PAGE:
Objective The rate of progression of the ischemic lesion is variable in patients with stroke. We tested the hypothesis that the tissue saving effect of mechanical thrombectomy (MT) is greater in fast progressors.
Methods A single-center cohort of consecutive patients (n=242) with occlusions of the terminal internal carotid or M1 segment of the middle cerebral artery treated with MT (n=195) or best medical treatment (n=47), known time from onset, and full imaging (baseline CT perfusion and follow-up MRI) available was studied. The estimated infarct progression rate (eIPR) was calculated at baseline and patients were categorized as fast/slow progressors according to the median eIPR of 4.8 mL/hour. The primary outcome measure was the interaction between eIPR category and MT on infarct growth. The secondary outcomes assessed the effect of MT on final infarct volume and functional status in relation to the eIPR category. The safety outcomes were mortality and symptomatic intracranial hemorrhage.
Results The eIPR category had a modifying effect (Pi=0.017) of MT on infarct growth that was significantly reduced with MT only in fast progressors (median (IQR) 3.8 mL (−11–55) vs 41 mL (11–107) with medical treatment; p=0.009, adjusted p=0.045). There was also a significant interaction on final infarct volume (Pi=0.005), with a greater reduction after MT in fast progressors. The functional status improved with MT both in fast and slow progressors, with no significant modifying effect of eIPR category (Pi=0.201). There were also no significant interactions on safety outcomes.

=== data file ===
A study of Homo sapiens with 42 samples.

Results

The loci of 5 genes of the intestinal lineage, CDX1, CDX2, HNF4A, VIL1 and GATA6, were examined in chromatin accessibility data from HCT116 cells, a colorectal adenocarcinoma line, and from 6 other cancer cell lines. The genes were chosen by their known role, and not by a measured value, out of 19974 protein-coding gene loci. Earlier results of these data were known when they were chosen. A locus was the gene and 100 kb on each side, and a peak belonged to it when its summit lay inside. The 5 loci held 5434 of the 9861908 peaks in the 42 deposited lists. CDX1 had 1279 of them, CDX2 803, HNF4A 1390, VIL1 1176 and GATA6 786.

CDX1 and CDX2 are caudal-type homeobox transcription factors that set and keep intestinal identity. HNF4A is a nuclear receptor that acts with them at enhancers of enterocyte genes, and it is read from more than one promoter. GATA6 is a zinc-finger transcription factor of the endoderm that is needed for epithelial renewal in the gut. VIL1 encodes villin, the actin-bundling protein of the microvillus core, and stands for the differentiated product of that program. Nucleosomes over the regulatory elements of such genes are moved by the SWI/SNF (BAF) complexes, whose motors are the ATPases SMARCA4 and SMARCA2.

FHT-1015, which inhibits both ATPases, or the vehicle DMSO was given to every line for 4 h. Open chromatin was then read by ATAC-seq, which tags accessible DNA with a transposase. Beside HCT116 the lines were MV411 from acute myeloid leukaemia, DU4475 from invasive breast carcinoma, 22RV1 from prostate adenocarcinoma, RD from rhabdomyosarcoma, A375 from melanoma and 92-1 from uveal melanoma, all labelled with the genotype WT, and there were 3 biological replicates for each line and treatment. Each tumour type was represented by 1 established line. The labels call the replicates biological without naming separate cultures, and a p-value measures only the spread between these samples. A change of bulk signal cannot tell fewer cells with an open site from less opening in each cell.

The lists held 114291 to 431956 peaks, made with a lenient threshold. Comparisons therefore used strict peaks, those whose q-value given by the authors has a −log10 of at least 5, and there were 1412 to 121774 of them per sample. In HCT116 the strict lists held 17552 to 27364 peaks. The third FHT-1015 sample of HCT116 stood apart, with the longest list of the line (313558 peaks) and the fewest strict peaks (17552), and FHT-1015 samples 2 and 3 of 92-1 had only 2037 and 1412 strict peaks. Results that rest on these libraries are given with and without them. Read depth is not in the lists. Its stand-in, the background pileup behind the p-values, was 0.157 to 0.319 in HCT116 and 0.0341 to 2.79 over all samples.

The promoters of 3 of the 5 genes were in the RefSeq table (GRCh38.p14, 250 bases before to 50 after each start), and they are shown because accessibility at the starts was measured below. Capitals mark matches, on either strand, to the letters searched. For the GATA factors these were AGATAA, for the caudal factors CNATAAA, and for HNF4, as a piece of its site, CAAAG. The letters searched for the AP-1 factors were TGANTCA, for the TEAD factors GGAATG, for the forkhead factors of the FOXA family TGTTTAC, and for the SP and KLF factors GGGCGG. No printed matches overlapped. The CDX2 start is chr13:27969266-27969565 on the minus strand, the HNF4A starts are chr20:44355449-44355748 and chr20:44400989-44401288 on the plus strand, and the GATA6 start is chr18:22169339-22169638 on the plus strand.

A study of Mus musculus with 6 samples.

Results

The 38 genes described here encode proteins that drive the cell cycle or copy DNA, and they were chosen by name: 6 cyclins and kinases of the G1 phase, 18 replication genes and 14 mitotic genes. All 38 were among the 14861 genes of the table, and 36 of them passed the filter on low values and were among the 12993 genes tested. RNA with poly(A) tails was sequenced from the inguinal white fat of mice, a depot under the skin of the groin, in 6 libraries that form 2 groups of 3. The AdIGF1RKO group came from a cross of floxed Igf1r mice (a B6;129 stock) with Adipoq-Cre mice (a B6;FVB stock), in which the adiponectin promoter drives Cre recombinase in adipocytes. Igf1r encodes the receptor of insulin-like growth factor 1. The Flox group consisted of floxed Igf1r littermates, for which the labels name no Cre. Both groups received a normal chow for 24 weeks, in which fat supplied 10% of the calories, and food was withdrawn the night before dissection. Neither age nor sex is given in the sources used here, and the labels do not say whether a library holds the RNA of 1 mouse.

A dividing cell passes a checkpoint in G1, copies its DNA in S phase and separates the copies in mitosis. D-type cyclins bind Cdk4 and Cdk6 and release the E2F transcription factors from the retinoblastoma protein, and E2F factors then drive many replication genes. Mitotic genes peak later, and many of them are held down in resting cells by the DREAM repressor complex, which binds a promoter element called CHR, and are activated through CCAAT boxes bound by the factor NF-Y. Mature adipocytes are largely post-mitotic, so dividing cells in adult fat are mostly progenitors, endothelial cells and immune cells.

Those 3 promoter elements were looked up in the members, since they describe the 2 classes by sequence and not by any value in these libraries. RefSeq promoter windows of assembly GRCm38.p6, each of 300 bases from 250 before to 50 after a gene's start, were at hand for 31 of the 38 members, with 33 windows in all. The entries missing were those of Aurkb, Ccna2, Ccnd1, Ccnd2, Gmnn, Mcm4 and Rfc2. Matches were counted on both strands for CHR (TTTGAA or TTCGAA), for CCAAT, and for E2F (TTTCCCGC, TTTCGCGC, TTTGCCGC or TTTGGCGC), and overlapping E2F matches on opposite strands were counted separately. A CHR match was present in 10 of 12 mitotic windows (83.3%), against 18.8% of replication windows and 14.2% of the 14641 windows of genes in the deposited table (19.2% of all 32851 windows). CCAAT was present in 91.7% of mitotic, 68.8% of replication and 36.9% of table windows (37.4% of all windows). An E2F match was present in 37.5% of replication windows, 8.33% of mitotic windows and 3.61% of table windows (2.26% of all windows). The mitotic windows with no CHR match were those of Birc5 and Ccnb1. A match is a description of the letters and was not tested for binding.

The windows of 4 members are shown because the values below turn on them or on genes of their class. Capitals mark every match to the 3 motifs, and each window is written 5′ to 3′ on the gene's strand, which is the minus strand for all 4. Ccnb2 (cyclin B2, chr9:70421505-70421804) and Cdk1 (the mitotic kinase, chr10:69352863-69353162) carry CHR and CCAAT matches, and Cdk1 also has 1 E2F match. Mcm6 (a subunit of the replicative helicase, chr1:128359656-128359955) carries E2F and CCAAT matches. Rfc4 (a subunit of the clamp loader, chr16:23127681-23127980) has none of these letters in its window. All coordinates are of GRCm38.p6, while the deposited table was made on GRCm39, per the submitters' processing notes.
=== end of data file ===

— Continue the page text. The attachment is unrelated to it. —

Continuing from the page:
Conclusion MT in stroke patients with large vessel occlusion limits infarct growth more significantly in fast progressors.
- CT perfusion
Contributors AR and CL made substantial contributions to the conception and design of the study; collected and analyzed clinical data; acquired, processed and analyzed radiological data; and drafted the manuscript for intellectual concept. CM made substantial contributions to the collection and analysis of clinical data. SR, LL, SA, VO, and RT made a substantial contribution to the collection and analysis of clinical data. JB and JM made substantial contributions to the acquisition, processing, and analysis of radiological data. AC and XU made substantial contributions to the conception and design of the study; collected and analyzed clinical data; drafted the manuscript for intellectual content and revised the draft critically.
Competing interests None declared.
Ethics approval The local Ethics Committee at the Hospital Clinic approved the study (reg. code HCB/2018/0680).
Provenance and peer review Not commissioned; externally peer reviewed.
Patient consent for publication Not required.